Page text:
Hannah Betts chooses chic alternatives to dull sweatpants
This article is taken from the January/February 2021 issue of The Critic. To get the full magazine why not subscribe? Right now we’re offering three issue for just £5.
And so farewell, then, 2020, the year in which the human race found it was not so much over dressing as over life itself. People have purchased two items of clothing during the last 12 months: sweatpants and pyjamas.
Accordingly, a national jogging-bottom shortage has been declared, the chief executive of online giant Asos predicting this crisis will continue until spring. Meanwhile, Google reports an 110 per cent rise in pyjama searches since the beginning of lockdown II, with Matches’s PJ sales up 150 per cent.
Loungewear for the masses is a relatively recent phenomenon
Loungewear: it used to mean Noël Coward in a silk dressing gown, now it means a look that screams care in the community. Can there be leisurewear that doesn’t make one want to top oneself? Why do we crave some liminal zone between the dressed and the undressed? And what does our interior garb say about which we consider the more real of our lives: public or private, at home or abroad?
Time was when legions were wont to don ghastly, Next-style office wear for weekday drudgery, to blossom into themselves at weekends. Others would maintain full pomp in town, to retire into dilapidated repose in the wilds. Today, a kind of bland ease has enveloped all, in and out merged in a banal sweatpantery.
Loungewear for the masses is a relatively recent phenomenon, as Historic Royal Palaces curator Eleri Lynn explains:
Until the mid-twentieth century ‘leisure’ is only something the upper classes could afford, so leisurewear was something you’d find in aristocratic households. We start to see loungewear in the Tudor period, partly to do with the magnificence of their formalwear. Court records show that both Henry VIII and Anne Boleyn ordered ‘dressing gowns’. Warm, possibly fur-lined, trimmed with velvet, they’d have been worn when they removed their highly-structured clothing, but needed outfits for socialising with their intimates.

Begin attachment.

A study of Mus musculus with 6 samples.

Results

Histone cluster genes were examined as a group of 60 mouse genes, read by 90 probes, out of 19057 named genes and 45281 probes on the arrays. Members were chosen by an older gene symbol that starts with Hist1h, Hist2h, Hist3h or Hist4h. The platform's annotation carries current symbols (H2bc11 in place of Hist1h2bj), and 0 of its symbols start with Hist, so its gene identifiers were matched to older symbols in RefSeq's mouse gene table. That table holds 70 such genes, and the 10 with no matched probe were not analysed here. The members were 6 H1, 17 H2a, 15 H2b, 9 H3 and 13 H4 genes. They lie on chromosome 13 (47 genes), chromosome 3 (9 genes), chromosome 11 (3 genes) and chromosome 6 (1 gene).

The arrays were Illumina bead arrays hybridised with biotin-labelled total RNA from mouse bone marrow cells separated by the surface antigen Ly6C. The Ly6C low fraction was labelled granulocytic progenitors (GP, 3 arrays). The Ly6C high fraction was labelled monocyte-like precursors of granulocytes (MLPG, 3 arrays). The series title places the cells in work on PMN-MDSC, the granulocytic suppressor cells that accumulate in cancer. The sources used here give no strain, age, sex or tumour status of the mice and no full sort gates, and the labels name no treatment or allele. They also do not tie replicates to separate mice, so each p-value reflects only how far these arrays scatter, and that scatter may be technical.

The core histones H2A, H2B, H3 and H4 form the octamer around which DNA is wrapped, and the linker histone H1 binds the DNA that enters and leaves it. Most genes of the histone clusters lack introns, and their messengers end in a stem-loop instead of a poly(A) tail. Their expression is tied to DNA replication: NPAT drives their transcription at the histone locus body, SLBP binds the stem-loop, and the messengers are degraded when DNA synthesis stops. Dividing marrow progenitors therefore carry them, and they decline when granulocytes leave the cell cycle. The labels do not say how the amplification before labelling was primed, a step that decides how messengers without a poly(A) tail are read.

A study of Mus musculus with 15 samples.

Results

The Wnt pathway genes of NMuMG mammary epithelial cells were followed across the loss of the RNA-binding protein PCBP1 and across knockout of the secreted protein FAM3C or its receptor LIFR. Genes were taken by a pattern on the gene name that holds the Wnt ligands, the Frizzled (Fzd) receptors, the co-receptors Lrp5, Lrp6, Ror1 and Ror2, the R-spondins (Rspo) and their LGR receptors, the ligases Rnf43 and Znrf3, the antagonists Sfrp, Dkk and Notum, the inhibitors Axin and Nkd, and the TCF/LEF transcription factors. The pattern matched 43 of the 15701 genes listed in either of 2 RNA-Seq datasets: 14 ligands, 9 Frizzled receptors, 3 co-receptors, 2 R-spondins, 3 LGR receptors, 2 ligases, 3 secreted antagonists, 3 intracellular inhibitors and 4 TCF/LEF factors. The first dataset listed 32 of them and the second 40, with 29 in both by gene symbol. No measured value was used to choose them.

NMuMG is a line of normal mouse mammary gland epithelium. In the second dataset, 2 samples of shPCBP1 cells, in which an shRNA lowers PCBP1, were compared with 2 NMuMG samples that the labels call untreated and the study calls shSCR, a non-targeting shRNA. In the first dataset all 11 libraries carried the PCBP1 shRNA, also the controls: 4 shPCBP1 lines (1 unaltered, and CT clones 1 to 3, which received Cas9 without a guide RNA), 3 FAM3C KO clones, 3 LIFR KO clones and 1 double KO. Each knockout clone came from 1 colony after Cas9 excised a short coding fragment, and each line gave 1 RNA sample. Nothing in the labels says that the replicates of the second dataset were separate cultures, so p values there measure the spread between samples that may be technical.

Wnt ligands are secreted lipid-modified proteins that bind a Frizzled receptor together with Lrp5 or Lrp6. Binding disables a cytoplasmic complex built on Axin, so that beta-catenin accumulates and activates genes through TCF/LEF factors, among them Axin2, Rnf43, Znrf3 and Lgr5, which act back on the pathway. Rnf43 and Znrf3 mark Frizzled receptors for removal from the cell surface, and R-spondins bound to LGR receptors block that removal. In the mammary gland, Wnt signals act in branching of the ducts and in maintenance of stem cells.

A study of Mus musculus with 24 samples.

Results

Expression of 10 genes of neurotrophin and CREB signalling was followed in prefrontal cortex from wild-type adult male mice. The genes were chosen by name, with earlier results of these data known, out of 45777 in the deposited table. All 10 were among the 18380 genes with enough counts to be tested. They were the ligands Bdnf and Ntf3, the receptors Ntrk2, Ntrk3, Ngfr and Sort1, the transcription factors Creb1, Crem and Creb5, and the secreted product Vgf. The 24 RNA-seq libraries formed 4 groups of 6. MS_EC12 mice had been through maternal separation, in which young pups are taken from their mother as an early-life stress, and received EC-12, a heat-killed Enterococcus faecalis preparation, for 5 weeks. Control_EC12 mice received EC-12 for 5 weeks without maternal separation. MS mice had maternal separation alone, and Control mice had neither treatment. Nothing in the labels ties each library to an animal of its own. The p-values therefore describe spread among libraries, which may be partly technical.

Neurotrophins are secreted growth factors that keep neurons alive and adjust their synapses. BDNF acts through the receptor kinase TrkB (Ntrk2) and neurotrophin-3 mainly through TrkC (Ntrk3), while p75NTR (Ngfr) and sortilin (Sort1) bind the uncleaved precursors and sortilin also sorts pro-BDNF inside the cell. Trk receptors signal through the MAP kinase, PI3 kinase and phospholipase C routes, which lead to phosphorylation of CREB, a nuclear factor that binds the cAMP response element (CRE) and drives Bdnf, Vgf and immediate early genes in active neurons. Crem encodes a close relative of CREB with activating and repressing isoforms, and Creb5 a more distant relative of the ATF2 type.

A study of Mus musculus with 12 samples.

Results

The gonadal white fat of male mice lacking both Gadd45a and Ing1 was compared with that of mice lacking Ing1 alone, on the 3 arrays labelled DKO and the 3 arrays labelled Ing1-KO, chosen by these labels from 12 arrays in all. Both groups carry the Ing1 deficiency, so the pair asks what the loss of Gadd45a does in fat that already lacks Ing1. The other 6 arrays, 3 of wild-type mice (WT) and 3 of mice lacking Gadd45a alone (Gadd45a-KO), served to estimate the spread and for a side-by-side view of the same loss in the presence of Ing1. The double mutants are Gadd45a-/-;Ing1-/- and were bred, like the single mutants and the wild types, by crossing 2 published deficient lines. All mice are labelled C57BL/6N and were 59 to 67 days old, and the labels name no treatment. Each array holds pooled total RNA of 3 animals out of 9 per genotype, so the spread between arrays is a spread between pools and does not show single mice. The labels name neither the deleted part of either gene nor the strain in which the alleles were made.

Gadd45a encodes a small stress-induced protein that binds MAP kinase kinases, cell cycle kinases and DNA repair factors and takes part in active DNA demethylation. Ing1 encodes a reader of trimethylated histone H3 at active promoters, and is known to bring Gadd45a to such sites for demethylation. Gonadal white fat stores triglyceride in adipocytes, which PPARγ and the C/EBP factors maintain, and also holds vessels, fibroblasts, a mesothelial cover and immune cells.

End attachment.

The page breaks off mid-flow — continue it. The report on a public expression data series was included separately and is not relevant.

Fashion historian Hilary Davidson lives for a banyan, the loose, gorgeously decorated robes introduced by the Dutch and British East India Companies in the seventeeth century, that had become the thing to be seen in by the eighteenth. “Women relaxed in bedgowns and jumps,” notes Davidson, “soft quilted versions of the stiffly-boned stays that gave them fashionable shape. Regency people receiving visitors would wear ‘morning dress’ — less formal versions of fashionable styles, covering more of the body and made of less fancy fabrics.
“By Victoria’s reign, men changed into unstructured velvet smoking jackets, with a fez and woolwork slippers. As the aesthetic movement took off, flowing, quasi-medieval tea gowns gave middle-class women an escape from stiff, corseted garb. Once Meiji Japan opened up after 1868, a flood of kimono sparked a Japonisme trend.” In the Thirties, female evening pyjamas morphed into leisure trousers, while Fifties lotus eaters donned “hostess gowns”, full-skirted numbers for entertaining at home.
As for what is acceptable now, Helena Bonham Carter once told me she advocates bloomers. An entire coven of cool chics can be spotted sporting Spry Workwear’s boilersuits (from £185).
The New York Times recently recommended German minimalist Jil Sander’s Uniqlo collection by way of domestic “soft power dressing”, plus something it called “Chore Coats” for chaps. Dior’s current advertisements feature ethereal beauties slumbering in Grecian goddess gowns. And the all-in-oneness of frocks does make them ideal for lolling, as NRBY, the hanging-about-one’s-hood specialists, will testify.
Sweatpants make me want to die
Kimonos, smoking jackets and the like need to be unslept in and accessorised with slap, scent and rocks, or you’ll feel too schlumpy. Posh pyjamas reappeared on catwalks in spring/summer 2016 everywhere from Dolce to Celine. Brands such as Sleeper, Yolke and Olivia von Halle took flight in their wake, for the kind of girl who thinks nothing of lobbing 500 quid at a pair of pjs. Or try £1,475 for a For Restless Sleepers velvet dressing gown. I want to be this woman, but I am just too Birmingham. My own glamjams are £19.99 via Amazon.
Just not sweatpants, please God, not sweatpants. Sweatpants make me want to die. As Kaiser Karl (Lagerfeld) once decreed: “Sweatpants are a sign of defeat. You lost control of your life so you bought some sweatpants.”
Asked recently whether he’d ever donned the dread garment, Tom Ford replied: “I don’t feel well in knitwear, it’s a little too soft for me. I feel better in something a bit harder. I feel too vulnerable in sweatpants.”
“Velour” is a word I would generally decry. However, Me & Em’s jet Velour Swing Top (above, £95) and Palazzo Pant (£125) are the only conceivable sweatsuit equivalent. The former boasts the suggestion of a ruff and puffed sleeve, the latter the necessary histrionic swag. Anne Boleyn would be mad for them.